The world held its collective breath during the recent US election.
Markets were forecasting a new Democrat president, along with a ‘blue wave’ of power in the House and Senate that would give Democrats the power to easily pass new legislative changes.
Of course, as with any good drama, the election didn’t go quite as anticipated.
Prior to the election, large institutions were calling for higher interest rates on the back of up to $3 trillion more in fiscal stimulus; increased regulation around the technology sector holding back tech stocks after their spectacular year; and global trade was forecasted to pick up as a result of more accommodative foreign policy (with the exception of China).
Although it’s pretty much expected that Biden will take over the Oval Office from 20 January 2021, he will likely face a Republican controlled Senate and divided government, potentially limiting his ability to make major legislative changes.
Shaping the markets
With Biden in office, we expect the following policies to shape markets over the next six to twelve months:
More fiscal stimulus to come, but less than the $3 trillion that Democrats want and not likely until early 2021. This will push bond yields higher but not to the same extent if they’d got a ‘blue wave’ in the US.
Corporate tax hikes are less likely to pass, with the Republicans expected to vote this down, given their likely control of the Senate. This is supportive of corporation profits and since the election, global equities have rebounded 7% through the first week of November – reversing October’s underperformance of 3%.
Gridlock (a split government) will limit major legislative changes, so the future is more certain for the status quo. This eliminates one of the risks for the technology sector where good gains have been a major contributor to our global share investments outperforming world share markets over the past six months.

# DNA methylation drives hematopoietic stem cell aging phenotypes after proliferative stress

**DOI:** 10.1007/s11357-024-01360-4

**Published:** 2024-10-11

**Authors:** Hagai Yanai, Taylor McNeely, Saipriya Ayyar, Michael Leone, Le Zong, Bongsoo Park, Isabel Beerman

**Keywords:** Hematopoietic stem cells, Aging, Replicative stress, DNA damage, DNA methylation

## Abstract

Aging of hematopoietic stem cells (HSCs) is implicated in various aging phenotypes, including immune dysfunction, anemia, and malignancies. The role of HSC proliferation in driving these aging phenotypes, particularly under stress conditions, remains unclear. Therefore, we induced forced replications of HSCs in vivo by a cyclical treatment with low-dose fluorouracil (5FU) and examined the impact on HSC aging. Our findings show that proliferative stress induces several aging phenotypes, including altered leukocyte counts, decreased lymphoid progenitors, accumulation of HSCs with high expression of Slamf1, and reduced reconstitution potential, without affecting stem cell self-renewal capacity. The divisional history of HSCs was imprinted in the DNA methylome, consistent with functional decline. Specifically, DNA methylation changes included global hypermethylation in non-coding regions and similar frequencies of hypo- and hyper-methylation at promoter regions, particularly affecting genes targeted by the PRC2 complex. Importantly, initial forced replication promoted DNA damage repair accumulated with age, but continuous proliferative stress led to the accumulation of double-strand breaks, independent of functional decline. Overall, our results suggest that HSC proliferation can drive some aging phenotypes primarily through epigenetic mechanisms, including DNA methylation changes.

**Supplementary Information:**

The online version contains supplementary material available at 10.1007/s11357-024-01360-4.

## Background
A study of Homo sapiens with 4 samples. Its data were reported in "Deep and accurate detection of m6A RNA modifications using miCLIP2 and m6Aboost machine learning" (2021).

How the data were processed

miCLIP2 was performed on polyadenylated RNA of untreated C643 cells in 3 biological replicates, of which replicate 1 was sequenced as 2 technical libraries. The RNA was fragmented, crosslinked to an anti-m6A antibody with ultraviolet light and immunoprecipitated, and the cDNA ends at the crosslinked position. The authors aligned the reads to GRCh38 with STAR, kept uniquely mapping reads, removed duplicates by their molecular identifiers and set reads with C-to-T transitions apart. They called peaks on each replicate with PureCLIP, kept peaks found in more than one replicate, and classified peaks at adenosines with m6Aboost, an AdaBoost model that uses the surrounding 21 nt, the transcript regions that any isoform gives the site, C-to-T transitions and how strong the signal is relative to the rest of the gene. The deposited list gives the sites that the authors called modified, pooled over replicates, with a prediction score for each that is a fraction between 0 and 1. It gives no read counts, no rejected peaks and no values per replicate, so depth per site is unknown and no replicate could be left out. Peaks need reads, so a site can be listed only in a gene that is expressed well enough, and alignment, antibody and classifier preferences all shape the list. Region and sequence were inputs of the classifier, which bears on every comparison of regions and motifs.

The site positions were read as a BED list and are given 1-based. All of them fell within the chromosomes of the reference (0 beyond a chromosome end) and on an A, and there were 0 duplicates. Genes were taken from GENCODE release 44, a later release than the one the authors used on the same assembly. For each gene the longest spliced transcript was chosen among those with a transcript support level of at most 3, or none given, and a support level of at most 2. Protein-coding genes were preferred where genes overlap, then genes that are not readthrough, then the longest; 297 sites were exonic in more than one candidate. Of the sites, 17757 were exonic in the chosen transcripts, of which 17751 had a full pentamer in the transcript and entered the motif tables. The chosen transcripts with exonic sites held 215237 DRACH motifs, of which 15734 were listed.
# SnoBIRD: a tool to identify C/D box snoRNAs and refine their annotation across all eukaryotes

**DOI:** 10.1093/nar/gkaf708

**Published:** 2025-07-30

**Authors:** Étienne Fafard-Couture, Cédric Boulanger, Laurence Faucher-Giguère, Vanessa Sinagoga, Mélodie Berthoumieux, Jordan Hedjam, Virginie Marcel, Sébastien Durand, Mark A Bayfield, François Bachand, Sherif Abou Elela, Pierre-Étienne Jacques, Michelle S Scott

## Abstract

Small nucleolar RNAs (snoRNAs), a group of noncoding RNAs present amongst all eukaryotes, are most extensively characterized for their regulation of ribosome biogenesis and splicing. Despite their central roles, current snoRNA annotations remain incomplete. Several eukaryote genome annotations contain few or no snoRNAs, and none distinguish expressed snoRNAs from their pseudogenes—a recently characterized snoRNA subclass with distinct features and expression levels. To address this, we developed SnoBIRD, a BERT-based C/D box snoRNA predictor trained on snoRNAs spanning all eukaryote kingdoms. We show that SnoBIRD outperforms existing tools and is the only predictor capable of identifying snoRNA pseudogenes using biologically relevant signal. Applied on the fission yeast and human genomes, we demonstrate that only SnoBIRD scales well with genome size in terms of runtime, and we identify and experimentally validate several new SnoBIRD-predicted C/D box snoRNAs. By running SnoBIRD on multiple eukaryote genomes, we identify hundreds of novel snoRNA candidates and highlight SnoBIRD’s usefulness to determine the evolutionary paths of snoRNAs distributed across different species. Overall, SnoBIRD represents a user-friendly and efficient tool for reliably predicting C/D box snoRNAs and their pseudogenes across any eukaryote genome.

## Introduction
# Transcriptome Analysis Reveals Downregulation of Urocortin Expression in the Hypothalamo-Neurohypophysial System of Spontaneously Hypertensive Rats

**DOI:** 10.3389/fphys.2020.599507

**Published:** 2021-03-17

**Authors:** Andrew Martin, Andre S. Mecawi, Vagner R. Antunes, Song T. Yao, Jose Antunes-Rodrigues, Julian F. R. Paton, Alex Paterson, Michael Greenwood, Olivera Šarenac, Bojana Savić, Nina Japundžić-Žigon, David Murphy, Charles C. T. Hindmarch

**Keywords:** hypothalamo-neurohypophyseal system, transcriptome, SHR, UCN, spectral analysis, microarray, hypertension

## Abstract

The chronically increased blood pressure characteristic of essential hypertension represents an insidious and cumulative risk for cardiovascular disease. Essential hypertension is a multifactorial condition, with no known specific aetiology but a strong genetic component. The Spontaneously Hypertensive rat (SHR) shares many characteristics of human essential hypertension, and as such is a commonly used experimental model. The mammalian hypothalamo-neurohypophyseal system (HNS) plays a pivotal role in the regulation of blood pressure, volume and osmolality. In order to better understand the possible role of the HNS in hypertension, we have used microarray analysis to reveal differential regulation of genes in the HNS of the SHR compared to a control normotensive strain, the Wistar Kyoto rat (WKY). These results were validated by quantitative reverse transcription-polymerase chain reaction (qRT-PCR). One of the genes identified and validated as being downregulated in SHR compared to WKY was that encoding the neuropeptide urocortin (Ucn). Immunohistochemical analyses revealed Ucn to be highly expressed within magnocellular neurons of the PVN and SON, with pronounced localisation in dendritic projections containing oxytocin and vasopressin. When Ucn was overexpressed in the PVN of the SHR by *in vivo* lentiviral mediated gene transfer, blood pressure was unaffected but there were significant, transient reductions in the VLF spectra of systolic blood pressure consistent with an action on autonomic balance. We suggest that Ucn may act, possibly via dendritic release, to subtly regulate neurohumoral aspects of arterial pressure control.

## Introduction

Foreign policy should be more accommodative for globalism, except for China where we expect a sturdy hand to remain, no matter the election outcome.
Markets have reacted favourably to the election results so far, but volatility is likely to remain until a coronavirus vaccine becomes widely available and further fiscal stimulus is provided to keep the economic recovery from cooling down.
Over the long term, elections have little impact on returns and therefore we’ll continue to position portfolios for the trends that will persist over the next two to five years.
What happened to the markets in October?
New Zealand shares were up over October with electricity generators bouncing back after the Government suggested more support around the Tiwai Aluminium Smelter, which consumes 30% of electricity in NZ.
Australian shares were down a touch over the month as tensions with China escalated further, which has been an ongoing back and forth between the two countries over the past three years.
Yields on global bonds rose through October as calls for more fiscal stimulus gained traction, putting upward pressure on yields with the prospect of more government bond supply to come.
We remain a little cautious on the outlook for rising interest rates and have recently increased our allocation to inflation linked bonds to provide a degree of protection against a potential rise in inflation as economic growth gradually picks up.